River Bank, Rio Demini, Amazonas, Brazil


River banks along the igarapè, such as Rio Demini, offer great shelter and food sources for many fish. On the banks of the river the water flows more slowly and leaves, branches, fruits and pods of the plants above fall into the water, settling on the bottom.

The water is tinged with the tannins released by these botanicals. Several species are found to swim among the dead submerged nature, species of the genus Nannostomus (Nannostomus eques and Nannostomus trifasciatus), characids like Hyphessobrycon copelandi, Carnegiella strigata and Carnegiella marthae, even cichlids (Pterophyllum sp.) and plecos (Ancistrus sp.). The flora is only terrestrial, and we can find Ficus sp., Monstera sp., Bromelia sp., lianas and giant trees (Calycophyllum sp. and many more).

Submitted by
Andrea Gollin
Approved by
Roberto E. Reis, Pablo C. Lehmann and Flávio Lima
-0.1759183, -62.7900314
Geographical region
South America
Drainage Basin
River banks
River catchment
Rio Demini
Water body type
Water body name
River bank of Rio Demini
Water body part
Flood plain
Water body course
Middle course
Water body: tributary of
Tributary name
Rio Negro

Videos above and below water

Water Chemistry

Water information

Water type
Fresh water
Water color
Black water
Water transparency
Concentration of sediments
Water temperature
28 °C
Water flow/curent

Chemical parameters

Dissolved Oxygen

Substrate in nature

Stone form
Submerged terrestrial vegetation

Aquatic Biotope

Date of collecting
September, 2021
Collecting area
River bank
Water depth
Air temperature
Filtered/dappled sun


Human settlements
Human settlements
Surrounding area

Rio Demini is a natural area, present in the Amazon forest, and is a tributary of the Rio Negro. In this area there are human settlements and activities, but very sparse and non-industrialized, they are all activities mainly related to ecotourism or native activities.

The area is rich in avifauna and terrestrial fauna, in amphibians, reptiles and mammals. Hundreds of plant species thrive and cover the river and its small igarapés.

Underwater landscape

In areas with shallower and sheltered water we can find different species of characins, lebiasinids and gastropelecids. Where the water is slightly higher we can find many species of plecos and cichlids.

The slow-flowing areas are covered by vegetation. Leaves, branches and fruits of these plants fall into the water and form a sediment leaf bed. The water then becomes cloudy and full of tannin. There are no submerged plants, but some land plants have roots directly in the water.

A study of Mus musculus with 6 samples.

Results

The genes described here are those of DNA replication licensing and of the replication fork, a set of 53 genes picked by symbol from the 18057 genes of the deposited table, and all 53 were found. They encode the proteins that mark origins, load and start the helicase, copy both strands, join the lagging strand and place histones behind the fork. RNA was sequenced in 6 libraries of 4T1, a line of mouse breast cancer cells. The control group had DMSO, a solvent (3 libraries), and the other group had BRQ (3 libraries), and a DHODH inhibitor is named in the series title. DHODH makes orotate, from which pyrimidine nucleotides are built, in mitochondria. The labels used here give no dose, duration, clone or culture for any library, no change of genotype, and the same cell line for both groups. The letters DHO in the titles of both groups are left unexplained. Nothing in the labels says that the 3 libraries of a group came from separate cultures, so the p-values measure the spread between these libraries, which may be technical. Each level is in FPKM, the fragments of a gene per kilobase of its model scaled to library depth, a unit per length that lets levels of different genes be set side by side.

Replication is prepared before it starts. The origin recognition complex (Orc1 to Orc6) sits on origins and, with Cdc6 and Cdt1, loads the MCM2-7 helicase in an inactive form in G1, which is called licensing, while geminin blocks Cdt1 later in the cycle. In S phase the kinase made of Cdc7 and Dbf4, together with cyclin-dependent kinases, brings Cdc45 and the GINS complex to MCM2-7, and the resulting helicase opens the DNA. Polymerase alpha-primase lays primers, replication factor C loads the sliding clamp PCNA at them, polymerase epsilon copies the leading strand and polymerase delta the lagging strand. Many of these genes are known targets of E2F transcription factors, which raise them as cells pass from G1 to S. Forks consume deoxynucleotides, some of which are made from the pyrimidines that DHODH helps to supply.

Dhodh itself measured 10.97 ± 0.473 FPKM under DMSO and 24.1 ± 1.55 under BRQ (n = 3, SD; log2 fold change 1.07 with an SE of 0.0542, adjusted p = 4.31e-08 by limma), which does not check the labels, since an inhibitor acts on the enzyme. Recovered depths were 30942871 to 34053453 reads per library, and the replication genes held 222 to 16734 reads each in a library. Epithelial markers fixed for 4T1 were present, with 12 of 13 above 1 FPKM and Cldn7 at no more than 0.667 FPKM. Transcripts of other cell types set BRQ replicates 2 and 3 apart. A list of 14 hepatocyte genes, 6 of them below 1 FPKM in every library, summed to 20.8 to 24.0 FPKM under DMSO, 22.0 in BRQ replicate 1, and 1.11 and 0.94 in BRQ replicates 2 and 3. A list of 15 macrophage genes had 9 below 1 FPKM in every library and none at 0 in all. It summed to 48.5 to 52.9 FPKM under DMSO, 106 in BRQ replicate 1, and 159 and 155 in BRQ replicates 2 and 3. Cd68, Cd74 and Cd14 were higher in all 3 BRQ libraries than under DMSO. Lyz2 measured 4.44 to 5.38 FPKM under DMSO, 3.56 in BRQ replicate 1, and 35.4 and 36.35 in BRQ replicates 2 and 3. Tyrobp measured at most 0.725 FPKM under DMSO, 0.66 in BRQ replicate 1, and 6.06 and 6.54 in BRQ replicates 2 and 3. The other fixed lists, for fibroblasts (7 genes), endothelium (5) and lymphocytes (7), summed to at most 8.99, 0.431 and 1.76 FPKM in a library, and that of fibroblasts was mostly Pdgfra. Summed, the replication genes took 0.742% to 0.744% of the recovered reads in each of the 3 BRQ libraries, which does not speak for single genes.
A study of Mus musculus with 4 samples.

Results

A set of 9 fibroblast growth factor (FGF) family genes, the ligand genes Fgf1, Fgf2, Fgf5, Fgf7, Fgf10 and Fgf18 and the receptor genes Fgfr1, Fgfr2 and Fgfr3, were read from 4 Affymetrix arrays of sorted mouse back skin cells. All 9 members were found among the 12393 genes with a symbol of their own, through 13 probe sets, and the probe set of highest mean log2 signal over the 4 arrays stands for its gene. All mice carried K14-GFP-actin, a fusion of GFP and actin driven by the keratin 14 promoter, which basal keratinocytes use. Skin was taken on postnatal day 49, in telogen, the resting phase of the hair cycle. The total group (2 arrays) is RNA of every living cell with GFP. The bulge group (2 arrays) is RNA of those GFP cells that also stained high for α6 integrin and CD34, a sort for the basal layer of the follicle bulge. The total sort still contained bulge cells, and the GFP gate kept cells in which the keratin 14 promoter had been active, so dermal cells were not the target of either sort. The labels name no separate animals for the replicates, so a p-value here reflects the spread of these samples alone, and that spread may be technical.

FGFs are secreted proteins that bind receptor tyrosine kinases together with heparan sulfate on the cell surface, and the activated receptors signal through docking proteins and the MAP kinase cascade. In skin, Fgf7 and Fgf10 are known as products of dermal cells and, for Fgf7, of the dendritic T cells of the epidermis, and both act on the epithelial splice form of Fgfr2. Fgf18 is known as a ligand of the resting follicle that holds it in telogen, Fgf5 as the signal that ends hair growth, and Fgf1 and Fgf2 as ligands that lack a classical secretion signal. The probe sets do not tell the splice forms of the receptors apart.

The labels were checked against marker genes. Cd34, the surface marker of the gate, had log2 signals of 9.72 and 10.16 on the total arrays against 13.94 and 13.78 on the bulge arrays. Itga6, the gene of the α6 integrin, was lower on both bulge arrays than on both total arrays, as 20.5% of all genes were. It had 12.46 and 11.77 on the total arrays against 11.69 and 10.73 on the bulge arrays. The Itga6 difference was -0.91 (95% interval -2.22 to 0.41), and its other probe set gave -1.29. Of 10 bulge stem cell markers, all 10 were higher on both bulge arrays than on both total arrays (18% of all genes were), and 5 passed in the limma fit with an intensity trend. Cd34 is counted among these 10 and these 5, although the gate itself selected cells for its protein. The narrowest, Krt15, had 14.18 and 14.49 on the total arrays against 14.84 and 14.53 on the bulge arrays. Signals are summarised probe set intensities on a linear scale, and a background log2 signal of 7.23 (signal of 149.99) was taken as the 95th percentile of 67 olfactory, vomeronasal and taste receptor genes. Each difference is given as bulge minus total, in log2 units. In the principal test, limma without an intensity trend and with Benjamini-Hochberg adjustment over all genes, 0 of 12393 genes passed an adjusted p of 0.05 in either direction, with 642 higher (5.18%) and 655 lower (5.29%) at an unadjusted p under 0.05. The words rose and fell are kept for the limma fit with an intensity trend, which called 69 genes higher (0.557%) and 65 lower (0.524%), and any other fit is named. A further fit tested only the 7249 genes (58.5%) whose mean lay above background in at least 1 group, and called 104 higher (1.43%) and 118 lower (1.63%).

• Carnegiella strigata (Gasteropelecidae)
  • Carnegiella marthae (Gasteropelecidae)
  • Hyphessobrycon spp. (Characidae)
  • Nannostomus trifasciatus (Lebiasinidae)
  • Nannostomus eques (Lebiasinidae)
Threats to ecology

The main ecological problems of these areas are always linked to anthropic activity, from the exploitation of natural resources (deforestation and monoculture), to excessive fishing and abandoned plastic up to the very serious problem of the release of alien species.

Riparian zone

Trees near the aquatic habitat
Many -

Comment by the expert

Roberto E. Reis: Description of the location fair, with mentions to the surroundings. Description of threats to ecology general, of Amazon wide-scope, and not much applicable to mid Negro River. One photo and one short, not very informative video. Five fish species listed; no plants or invertebrates. Description of the aquatic habitat, riparian zone, and underwater landscape acceptable. Bibliography/Sitography reasonable.

Flávio Lima: The participant has apparently based the reconstruction of the biotope based on its field experience, as the references he listed are not really informative. It should be mentioned that it is a biotope from the Rio Negro basin which is not blackwater, so it was interesting choice by the participant. Regarding fishes, the participant included only Nannostomus trifasciatus, but in the video provided the Nannostomus species present is rather Nannostomus marginatus. The video also shows Hemigrammus ocellifer, Hemigrammus aff. bellottii, and Hemigrammus schmardae, which I imagine were not available for the participant to include in his biotope.

Pablo C. Lehmann: I was confused why both BIN and BAM were exposed in the same video. The information on the Demini River bank is comprehensive and provides valuable information about this specific biotope. It describes the habitat, water chemistry, species and threats in detail, increasing its reliability. The video of the environmental biotope is not very good. I was unable to get a clear understanding of the ecosystem through the video.